King’s Lynn’s historic St Nicholas’ Chapel

A unique opportunity to help run one of King’s Lynn’s most famous landmarks is available to groups in the town. 

 The Churches Conservation Trust (CCT) is inviting groups to help with the running of the town’s St Nicholas’ Chapel.

The chapel is Grade I-listed, and CCT would like one or more groups in the community to partner in the day-to-day operation of the building and to manage the chapel in an effective and cost efficient way. 

A spokesman for the trust said the opportunity may appeal to community or commercial groups with a few years’ experience together, who need a larger base in the town.

Possibilities could include a community café, history groups, local interest groups or theatre.

The building has heating, lighting, toilet and kitchen facilities and space for up to 400 people and one of the great features is that areas can be split down for smaller groups to meet.

Simon Wiles, head of South East region, CCT said: “The task needs inspirational and aspirational people. The challenge is to balance the income with the costs, but the payoff for the organisation is that surplus money generated after costs, will be theirs.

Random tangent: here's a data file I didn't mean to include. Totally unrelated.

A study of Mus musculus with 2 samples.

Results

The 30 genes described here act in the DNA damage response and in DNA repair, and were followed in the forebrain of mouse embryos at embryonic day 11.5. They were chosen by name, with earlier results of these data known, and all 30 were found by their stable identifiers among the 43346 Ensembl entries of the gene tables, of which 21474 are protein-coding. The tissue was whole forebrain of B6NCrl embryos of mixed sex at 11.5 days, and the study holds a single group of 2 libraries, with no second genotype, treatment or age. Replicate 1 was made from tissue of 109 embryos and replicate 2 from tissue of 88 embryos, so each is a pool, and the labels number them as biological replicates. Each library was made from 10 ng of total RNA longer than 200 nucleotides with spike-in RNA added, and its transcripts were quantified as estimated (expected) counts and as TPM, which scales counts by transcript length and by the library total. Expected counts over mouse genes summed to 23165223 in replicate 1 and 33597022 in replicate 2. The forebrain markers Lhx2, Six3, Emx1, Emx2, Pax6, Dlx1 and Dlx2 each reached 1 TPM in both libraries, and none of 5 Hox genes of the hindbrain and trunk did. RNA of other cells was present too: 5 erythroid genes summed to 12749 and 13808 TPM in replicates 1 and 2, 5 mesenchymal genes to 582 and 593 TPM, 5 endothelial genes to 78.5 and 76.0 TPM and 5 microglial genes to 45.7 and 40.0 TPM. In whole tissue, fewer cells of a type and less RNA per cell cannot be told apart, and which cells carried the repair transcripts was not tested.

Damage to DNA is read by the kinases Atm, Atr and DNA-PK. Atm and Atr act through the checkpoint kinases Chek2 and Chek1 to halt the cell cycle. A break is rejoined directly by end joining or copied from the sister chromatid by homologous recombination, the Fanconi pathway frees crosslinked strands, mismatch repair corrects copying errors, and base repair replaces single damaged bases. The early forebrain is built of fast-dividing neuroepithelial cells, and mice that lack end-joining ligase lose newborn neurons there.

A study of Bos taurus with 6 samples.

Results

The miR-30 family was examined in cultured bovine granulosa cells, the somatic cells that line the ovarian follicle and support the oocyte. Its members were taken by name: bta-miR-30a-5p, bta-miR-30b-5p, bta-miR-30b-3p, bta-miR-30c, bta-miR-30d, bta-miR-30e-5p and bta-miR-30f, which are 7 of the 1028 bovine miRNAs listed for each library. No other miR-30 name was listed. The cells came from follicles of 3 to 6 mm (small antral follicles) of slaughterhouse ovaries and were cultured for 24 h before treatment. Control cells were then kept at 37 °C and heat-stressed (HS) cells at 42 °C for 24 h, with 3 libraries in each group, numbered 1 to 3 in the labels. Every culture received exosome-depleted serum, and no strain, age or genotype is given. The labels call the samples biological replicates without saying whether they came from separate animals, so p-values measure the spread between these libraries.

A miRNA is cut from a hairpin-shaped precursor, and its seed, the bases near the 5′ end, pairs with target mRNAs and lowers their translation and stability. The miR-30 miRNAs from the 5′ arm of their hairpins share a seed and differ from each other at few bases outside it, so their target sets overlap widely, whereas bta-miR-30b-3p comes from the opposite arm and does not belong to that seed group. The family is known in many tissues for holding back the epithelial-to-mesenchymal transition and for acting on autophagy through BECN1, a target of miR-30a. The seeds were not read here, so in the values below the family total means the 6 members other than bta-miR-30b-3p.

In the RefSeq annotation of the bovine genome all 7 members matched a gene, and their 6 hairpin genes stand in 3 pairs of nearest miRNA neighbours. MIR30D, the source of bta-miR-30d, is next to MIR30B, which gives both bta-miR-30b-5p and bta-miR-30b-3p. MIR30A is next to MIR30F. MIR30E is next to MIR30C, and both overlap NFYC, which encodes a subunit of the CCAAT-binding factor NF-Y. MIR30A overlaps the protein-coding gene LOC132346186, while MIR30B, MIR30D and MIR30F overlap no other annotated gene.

“There are conditions, as you would expect from looking after an historic building, but CCT want to support, help, coach and succeed with the organisation, so that the group’s work and effort results in a win-win for everyone.

“This beautiful building could be the centre piece in the town to invite and encourage your neighbours and communities to use it, love it and enjoy it.”

The CCT said the partnership would ensure the chapel is looked after for future years, would give local groups and organisations a high-profile building from which to carry out activities and the local community would benefit from events held in the Chapel.

To express interest or for more details, email Simon Wiles  at southeast@thecct.org.uk, or call 07469857546. Closing date for expressions of interest is July 24. 

St Nicholas’ is the country’s largest Chapel of Ease and re-opened in 2015 after a £2.7m conservation and regeneration project. 

The chapel hosts a variety of cultural events, concerts, fairs and exhibitions and also a learning programme.